En español | In early December, tennis legend Martina Navratilova and a team of hikers began a trek to the "Roof of Africa," Kilimanjaro, which at 19,341 feet is Africa's highest peak. Their goal was to raise money for the Laureus Sport for Good Foundation, an organization that promotes social change through sports and community development programs. During the journey, hikers walked through five climate zones. On their way up the mountain, the Laureus group encountered heavy fog, rain, sleet and snow.
On the fourth day of the six-day journey (Dec. 9), Martina abandoned the trek after feeling unwell and experiencing difficulty breathing. Porters helped her down the mountain, and she was taken to a hospital in Kenya. Doctors diagnosed her with high-altitude pulmonary edema, a buildup of fluid in the lungs. After treatment, she made a full recovery and was discharged Dec. 12.
In October, Navratilova, who is AARP’s health and fitness ambassador, talked about how she was preparing for the trek and gave tips for hikers who have set their sights on more modest peaks.
Q: Why are you climbing Kilimanjaro?
A: Well, I’ve always wanted to. I thought I would do it with some friends, but as it turned out, it was a charity that asked me.... I’ve been just across the border from Kilimanjaro, but I never saw the mountain. It was always in the clouds. When I was in Tanzania 10 years ago, I flew over Kilimanjaro, and I just barely saw the tip of it. So I didn’t really believe it was there. So, I’m like, OK, I’ve got to stand on it before I believe it.
Q: What are you looking forward to the most?
A: I’ve spent about six months in Kenya, so I know a lot about the wildlife, and I’m looking forward to visiting old friends, you know. For me, it’s magic just to hear the animals, to see them. I really got into birding when I was in Kenya because the birds are just phenomenal. I’m also looking forward to the change of climates going up the mountain, walking through it rather than driving or seeing it from an airplane. I’m sure I’ll be happy when I get back to the bottom, but it’s going to be a great experience.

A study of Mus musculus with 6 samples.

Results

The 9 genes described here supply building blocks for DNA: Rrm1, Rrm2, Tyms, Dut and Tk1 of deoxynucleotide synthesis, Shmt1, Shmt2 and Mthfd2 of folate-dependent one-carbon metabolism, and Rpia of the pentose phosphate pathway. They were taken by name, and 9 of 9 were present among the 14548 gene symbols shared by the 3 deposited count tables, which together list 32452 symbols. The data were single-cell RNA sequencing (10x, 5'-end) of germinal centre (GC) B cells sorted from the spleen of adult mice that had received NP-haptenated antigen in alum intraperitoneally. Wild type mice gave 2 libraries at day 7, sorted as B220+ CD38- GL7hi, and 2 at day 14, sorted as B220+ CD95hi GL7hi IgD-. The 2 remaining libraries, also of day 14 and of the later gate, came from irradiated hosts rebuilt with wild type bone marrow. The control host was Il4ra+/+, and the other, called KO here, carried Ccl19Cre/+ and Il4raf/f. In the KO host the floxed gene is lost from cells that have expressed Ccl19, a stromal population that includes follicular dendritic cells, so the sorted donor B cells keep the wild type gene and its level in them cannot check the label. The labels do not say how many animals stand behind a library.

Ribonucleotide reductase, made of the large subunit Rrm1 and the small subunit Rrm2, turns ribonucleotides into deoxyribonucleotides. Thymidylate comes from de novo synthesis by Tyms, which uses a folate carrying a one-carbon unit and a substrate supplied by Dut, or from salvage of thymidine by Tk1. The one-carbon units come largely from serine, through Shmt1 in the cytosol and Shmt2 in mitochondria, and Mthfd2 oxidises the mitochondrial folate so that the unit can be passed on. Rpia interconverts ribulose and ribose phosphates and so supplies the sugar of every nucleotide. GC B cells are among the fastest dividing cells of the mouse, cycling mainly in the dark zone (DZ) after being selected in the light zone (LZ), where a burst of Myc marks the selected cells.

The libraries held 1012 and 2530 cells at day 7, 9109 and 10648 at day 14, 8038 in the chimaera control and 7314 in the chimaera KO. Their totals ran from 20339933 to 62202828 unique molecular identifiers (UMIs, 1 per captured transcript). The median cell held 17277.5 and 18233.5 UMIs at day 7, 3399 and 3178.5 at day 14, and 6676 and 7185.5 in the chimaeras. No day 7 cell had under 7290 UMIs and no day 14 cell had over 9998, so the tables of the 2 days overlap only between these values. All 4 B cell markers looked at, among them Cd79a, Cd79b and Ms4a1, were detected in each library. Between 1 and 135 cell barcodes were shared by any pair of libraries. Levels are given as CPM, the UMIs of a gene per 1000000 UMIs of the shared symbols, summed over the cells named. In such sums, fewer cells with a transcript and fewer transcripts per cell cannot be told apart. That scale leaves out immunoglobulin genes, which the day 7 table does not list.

Q: Have you worked with Laureus programs in Kenya or other parts of Africa?
A: I’ve been to our projects in Kenya, South Africa, London and in the States, as well. So, I’m pretty familiar with different programs. The one in Kenya is in the slums in Nairobi. We have 20,000 boys playing football. Kids get points for cleaning up [their communities]. If they win a match, they get extra points. So it’s not just about sports; it also teaches them life skills.
Q: What do you think will be the toughest part of the hike?
A: The last day is a long day. We go up the last 3,000 feet. We start at midnight because you’re walking on a kind of shale, loose rock, and to get up there it needs to be frozen. After you linger at the top, you go down about 6,000 feet.
Q: Do you think living in Aspen, Colo., will give you an advantage?
A: I don’t know how much that has helped. But I went to [The Altitude Centre] in London a couple [of] days last week, and they tested me to see how I would react to high altitude. I was told that on inhalation, I have the lungs of a 25-year-old, and on exhalation, I’m a 30-year-old. So I was pretty happy — and am thinking I need to practice my exhalation.
Q: Will you change your training based on those results?
A: No, I’ll just escalate it, do more and longer distance. I’m doing an hour-and-15-minutes run now and want to get up to a two-hour run. I did the stairs the other day, and my calves were killing me for three days. They’re better now, so I’m going to do the stairs again today.
Q: Are there any comforts of home that you’ll miss?
A: I’m used to managing out in the bush. That’s not a new experience for me. I love sleeping under the stars. I think the biggest thing will be staying warm enough at night. [Part of that is] training the bladder so you don’t have to go in the middle of the night. You don’t want to leave that tent!
Q: Will you be carrying a pack?
A: I’ll be carrying something — we’re supposed to train with a 5-kilo, or 10- to 11-pound pack. About 15 years ago, I went hiking for a week in Utah, and we carried everything on our backs. So I’m used to carrying a 60- to 70-pound pack.
Q: What’s the one thing you always pack?
A: Normal traveling, I travel with a pillow my mom made from old duvets. So my head always hits the same spot every place I go. It’s a very light pillow, and it doesn’t take up much space. I might take that with me on the hike. And just really good, warm thermal clothing, obviously.